P.I. Pulse: A Major Award and an Award of an Amphibious Nature
Let’s start with the largest award we will be discussing in this blog. A certain HMO (which is an acronym for “health maintenance organization”) had been sued by patients that had been infected by hepatitis C as part of an outbreak at a string of colonoscopy clinics, which were operated by a doctor who failed to meet procedural standards (i.e., the doctor reused syringes and cut other regulatory corners). Hepatitis C—currently incurable—is a disease that attacks the liver, an organ in the body that serves primarily to detoxify and engage in protein synthesis. Two women contracted the awful disease after undergoing routine endoscopic procedures at one of the clinics. The discovery of the disease in these two women initiated a scare that led to upward of 50,000 patients needing to be checked for the disease. The women who had contracted the disease sued the HMO, a subsidiary of United Healthcare, a giant in the world of American medical insurance, for failing to protect the patients against dangerous doctors.
The jury awarded the victims $24 million for their damages. An attorney for the patients, however, urged the jury to consider awarding punitive damages—damages that serve a punitive role in that they might dissuade the company from engaging in further risky behavior. The attorney compared the HMO to Lindsay Lohan, the troubled starlet who repeatedly receives mild slaps on the wrist yet continues to engage in reckless behavior. Ostensibly, the attorneys for the patients deemed the $24 million award a mere slap on the wrist, considering United Healthcare is valued at tens of billions of dollars. The jury, convinced of the argument and the HMO’s negligence, awarded an additional $500 million in punitive damages.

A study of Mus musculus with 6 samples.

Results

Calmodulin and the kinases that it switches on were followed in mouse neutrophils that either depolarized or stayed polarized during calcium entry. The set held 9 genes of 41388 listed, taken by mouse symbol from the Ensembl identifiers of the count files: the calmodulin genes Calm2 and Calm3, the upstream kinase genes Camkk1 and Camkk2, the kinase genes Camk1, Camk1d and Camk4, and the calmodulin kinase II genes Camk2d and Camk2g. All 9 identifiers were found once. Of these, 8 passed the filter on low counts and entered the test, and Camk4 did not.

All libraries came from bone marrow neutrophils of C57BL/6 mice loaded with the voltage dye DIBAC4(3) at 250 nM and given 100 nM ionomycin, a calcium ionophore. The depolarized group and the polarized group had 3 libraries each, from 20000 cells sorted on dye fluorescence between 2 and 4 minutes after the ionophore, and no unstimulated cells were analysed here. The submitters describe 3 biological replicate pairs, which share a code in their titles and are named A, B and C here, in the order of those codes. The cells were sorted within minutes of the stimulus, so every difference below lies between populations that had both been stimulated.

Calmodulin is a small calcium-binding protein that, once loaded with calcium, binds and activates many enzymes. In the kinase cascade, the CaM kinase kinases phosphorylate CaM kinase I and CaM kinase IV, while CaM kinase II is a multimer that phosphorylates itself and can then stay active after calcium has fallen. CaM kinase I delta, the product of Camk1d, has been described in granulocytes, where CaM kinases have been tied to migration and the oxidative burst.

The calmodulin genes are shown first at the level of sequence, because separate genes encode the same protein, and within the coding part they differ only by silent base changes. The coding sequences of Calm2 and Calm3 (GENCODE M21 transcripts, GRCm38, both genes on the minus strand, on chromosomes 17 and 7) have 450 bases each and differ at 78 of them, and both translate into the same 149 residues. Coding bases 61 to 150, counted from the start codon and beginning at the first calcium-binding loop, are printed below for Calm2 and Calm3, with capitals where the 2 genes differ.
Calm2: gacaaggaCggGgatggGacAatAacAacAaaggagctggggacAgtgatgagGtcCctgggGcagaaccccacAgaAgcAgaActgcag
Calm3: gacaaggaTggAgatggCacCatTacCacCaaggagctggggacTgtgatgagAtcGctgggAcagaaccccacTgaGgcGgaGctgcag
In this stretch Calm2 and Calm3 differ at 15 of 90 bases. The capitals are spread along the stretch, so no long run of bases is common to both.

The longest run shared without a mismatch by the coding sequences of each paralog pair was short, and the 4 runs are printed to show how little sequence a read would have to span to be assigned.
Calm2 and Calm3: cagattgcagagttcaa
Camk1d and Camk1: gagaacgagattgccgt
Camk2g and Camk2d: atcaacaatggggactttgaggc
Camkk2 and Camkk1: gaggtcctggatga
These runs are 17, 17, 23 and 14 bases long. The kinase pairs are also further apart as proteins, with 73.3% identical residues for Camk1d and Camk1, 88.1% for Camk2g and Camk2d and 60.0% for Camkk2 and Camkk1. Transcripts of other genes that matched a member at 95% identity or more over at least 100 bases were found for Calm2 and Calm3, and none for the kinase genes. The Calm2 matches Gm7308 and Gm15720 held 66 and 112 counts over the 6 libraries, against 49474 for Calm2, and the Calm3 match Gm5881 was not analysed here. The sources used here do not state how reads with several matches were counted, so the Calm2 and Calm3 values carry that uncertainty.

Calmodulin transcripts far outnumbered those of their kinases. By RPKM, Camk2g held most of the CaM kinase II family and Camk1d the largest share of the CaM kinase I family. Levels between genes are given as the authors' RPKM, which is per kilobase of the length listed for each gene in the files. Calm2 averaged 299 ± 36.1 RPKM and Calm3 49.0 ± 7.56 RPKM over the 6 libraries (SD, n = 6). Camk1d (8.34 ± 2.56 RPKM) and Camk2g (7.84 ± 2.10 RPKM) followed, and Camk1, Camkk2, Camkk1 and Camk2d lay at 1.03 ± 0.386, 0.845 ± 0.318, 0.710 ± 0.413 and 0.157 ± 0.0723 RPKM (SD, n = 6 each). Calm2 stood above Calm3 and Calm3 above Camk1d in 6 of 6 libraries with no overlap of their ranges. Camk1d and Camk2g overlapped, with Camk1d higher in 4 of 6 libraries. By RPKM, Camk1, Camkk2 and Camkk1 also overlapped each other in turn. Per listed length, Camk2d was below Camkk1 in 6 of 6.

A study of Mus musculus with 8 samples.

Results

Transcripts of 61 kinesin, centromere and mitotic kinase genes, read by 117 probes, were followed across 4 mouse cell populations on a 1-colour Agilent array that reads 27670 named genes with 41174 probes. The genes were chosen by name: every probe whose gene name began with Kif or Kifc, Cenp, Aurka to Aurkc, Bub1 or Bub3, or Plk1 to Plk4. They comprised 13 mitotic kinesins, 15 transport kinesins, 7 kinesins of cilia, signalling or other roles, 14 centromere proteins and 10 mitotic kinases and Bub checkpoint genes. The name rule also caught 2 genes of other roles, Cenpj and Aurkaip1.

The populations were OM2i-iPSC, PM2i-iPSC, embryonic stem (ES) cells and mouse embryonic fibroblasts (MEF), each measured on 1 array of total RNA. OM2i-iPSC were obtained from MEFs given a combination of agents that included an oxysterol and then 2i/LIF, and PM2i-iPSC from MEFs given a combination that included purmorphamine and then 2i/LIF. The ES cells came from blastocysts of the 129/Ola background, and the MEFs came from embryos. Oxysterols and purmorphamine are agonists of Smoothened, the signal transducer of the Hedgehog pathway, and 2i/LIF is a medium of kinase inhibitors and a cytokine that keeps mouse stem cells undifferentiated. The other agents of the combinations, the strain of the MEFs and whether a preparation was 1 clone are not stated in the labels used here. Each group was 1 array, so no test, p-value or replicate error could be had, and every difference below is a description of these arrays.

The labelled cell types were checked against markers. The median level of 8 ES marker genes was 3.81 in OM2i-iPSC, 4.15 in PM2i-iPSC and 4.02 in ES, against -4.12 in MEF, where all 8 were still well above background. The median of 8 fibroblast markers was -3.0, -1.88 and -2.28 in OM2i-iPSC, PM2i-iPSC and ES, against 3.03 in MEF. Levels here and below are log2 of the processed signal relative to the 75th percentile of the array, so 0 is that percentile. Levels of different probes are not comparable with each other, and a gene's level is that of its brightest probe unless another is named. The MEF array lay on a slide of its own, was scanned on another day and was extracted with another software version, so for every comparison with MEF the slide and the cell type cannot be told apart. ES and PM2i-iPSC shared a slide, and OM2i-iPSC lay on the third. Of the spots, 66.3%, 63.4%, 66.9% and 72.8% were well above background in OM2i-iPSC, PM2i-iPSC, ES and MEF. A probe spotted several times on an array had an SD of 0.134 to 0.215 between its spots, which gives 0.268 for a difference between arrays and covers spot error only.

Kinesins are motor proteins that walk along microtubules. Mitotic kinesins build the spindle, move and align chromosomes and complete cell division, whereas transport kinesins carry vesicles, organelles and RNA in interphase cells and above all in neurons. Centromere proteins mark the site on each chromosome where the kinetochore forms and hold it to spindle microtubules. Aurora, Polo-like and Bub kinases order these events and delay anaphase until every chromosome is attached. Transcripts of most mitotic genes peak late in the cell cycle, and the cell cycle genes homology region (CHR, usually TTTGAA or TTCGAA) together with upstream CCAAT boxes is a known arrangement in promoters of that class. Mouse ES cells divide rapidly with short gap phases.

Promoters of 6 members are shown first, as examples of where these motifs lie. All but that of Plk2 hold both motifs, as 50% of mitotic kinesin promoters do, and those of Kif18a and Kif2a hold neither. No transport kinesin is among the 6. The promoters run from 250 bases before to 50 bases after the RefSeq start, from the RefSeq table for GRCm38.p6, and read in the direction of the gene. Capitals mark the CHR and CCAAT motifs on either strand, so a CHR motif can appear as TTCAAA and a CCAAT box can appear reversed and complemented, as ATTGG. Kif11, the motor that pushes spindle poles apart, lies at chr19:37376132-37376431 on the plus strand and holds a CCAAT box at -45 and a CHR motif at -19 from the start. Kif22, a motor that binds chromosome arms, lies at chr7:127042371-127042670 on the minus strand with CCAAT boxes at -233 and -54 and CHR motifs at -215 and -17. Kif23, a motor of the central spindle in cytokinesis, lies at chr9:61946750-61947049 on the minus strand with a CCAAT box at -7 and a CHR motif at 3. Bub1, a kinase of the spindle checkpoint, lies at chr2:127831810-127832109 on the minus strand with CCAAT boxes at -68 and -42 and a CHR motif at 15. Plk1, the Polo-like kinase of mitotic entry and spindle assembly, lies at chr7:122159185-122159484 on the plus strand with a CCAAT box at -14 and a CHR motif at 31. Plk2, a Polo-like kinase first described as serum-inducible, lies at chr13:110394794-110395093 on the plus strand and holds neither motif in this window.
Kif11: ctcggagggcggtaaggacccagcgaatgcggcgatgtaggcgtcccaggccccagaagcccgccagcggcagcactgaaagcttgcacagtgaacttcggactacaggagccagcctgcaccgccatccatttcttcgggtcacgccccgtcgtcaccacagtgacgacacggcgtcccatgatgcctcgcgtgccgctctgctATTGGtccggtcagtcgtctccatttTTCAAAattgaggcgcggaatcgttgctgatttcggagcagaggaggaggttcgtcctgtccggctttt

Next, we are going to discuss a case that is, if nothing else, an example of justice being served in an atypical, yet not insignificant, case. Meet our victim: a man from Italy who had a childhood traumatizing experience that involved frogs, during which a neighbor angrily chased after the later victim while carrying bullfrogs. Apparently, the traumatic experience has led to a lifelong fear of frogs. Recently, a developer of a nearby subdivision began draining water onto the later victim’s property—this draining of the water was, as the later victim knew, an ideal breeding ground for frogs. Frogs began to infest the victim’s property, covering his lawn and driveway, forcing him to remain inside for fear of the amphibians. Eventually, the victim sued the township as well as the development company. The victim told members of the jury that during the winter he is fine, but during the warmer parts of the year he feels like a prisoner trapped in his home, unable to go outside. Based on the evidence in the case, the jury awarded the victim $1.6 million.
This blog has discussed justice served; one instance of an award punishing a behemoth medical insurance corporation, and the other punishing a small town over a frog infestation. There is no case too big or too small that can prevent justice from being sought and served. If you have been injured by the wrongdoing of another, please contact us at the Law Offices of Aronberg, Aronberg & Green for a free consultation at 561-266-9191 or email@example.com.